In short, a sitemap is a file that helps both search engine robots and human visitors figure out what webpages are on a particular website and provides an easy way of accessing them. There are two types of sitemaps that are commonly used on websites today.
This type of sitemap is used by search engines to locate pages and other useful page information such as last modification dates and times along with the importance of the page. An XML sitemap is formatted in html with basic coding that lists every page contained within your website.
An XML sitemap is important for search engine optimization reasons along with ensuring search engines have a list of what they should be crawling. Creating a sitemap.xml file is a fairly simple process and can be done from several websites online who will crawl and create a list of known pages for you. Once completed, you can download the file for upload to your hosting environment.
Me careful not to change the sitemap.xml file from it’s native .xml extension to something else like .doc or it will not be found by search engines. You can check if you already have a sitemap.xml by entering your website address followed by /sitemap.xml. Example: https://www.website-wizards.com/sitemap.xml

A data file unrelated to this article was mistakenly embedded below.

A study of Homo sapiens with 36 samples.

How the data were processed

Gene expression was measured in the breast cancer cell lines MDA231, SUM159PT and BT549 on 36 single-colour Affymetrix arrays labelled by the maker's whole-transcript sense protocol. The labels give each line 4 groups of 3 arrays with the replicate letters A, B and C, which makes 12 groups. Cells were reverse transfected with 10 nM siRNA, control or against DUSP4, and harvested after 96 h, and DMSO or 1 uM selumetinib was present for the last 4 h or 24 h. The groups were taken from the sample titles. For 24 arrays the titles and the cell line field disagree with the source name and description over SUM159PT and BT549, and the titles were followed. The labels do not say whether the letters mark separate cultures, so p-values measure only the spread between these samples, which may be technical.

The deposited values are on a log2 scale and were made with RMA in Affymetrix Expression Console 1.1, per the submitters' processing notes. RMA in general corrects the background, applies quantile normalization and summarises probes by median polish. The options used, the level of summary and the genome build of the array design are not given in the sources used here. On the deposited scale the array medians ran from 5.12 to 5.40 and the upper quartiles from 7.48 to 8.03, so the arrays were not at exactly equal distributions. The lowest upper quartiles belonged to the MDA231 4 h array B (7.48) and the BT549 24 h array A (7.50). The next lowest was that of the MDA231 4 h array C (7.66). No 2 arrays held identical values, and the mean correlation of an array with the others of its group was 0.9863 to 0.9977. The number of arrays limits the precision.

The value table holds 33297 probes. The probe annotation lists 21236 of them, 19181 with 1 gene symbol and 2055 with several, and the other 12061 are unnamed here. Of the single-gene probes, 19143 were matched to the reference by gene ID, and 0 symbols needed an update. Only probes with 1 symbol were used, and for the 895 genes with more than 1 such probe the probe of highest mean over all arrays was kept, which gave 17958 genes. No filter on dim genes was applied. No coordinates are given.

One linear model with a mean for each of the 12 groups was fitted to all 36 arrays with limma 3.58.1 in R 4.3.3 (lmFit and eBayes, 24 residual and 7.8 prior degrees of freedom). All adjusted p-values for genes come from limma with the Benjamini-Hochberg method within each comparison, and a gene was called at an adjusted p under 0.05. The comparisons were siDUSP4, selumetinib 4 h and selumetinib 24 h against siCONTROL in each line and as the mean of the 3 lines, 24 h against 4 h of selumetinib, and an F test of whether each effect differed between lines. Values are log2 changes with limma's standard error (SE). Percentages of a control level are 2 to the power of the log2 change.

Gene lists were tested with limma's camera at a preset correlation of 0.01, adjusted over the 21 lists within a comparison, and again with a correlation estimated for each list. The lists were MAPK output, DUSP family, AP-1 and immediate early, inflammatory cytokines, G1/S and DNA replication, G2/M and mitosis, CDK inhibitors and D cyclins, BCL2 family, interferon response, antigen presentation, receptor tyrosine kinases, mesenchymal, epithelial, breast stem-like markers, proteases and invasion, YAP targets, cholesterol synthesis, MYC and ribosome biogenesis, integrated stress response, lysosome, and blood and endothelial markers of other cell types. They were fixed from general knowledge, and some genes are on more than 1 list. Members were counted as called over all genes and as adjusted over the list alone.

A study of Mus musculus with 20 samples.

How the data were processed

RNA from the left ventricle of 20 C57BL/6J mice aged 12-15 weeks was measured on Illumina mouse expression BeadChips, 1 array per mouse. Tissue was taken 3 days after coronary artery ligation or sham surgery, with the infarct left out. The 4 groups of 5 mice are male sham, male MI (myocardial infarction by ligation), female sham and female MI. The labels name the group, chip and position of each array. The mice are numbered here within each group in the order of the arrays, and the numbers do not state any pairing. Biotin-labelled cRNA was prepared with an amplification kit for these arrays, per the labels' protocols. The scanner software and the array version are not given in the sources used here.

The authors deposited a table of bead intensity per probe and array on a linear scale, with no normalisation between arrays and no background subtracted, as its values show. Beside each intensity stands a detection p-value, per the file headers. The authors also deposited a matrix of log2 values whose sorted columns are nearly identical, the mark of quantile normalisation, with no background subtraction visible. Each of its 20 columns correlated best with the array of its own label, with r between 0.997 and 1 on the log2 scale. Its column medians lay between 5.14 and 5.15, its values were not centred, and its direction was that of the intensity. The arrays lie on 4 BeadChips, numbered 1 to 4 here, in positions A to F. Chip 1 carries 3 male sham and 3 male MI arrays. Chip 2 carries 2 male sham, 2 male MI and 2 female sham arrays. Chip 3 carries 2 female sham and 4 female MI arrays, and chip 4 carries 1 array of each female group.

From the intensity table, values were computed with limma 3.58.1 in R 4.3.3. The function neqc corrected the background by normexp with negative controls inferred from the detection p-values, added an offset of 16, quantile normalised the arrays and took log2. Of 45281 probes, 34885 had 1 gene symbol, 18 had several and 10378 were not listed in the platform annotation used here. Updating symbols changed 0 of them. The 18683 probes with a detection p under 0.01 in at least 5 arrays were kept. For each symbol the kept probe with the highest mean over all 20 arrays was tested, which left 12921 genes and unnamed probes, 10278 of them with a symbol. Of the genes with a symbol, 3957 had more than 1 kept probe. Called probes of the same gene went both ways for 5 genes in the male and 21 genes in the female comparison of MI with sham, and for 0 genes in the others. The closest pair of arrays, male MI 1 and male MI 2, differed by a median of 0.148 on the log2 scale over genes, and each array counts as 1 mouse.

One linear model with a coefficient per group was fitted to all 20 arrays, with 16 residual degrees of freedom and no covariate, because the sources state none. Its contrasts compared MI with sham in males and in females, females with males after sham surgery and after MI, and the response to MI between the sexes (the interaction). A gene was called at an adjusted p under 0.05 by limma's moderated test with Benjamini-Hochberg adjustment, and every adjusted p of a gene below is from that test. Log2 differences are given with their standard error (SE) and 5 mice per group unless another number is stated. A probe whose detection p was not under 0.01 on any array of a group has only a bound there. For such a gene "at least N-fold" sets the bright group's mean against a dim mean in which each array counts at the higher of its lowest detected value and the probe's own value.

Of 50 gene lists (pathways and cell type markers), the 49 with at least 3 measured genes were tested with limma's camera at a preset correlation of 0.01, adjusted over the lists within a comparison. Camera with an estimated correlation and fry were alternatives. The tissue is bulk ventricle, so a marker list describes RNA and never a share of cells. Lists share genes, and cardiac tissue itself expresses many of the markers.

This type of sitemap is there to help website visitors who wish to see a complete list of available pages on your website rather than hunting for links found in different areas of the website. Although most helpful for websites that contain more than 10 pages, we recommend anyone with a website that has 5 pages to also include a sitemap page along with a link in the footer area of your website to maintain the best practices in web development.
The sitemap page doesn’t have to be overly fancy however should match the style and feel of the rest of your website to keep with your current design harmony. To see an example of our sitemap please visit: https://www.website-wizards.com/our-site-map/
In our case, due to the volume of pages, we have separated the pages into primary, secondary and other categories to help visitors navigate our tree structure with ease. Depending on the number of pages you have, you may want to do something similar. You can also choose to add a brief description next to each link and page name to give visitors a better understanding of what that page will be about.
The idea with sitemaps and really a website in general is to make it as easy as can be for visitors to find the information they are looking for in the shortest time possible. This results in improved conversion rates and more lead generation.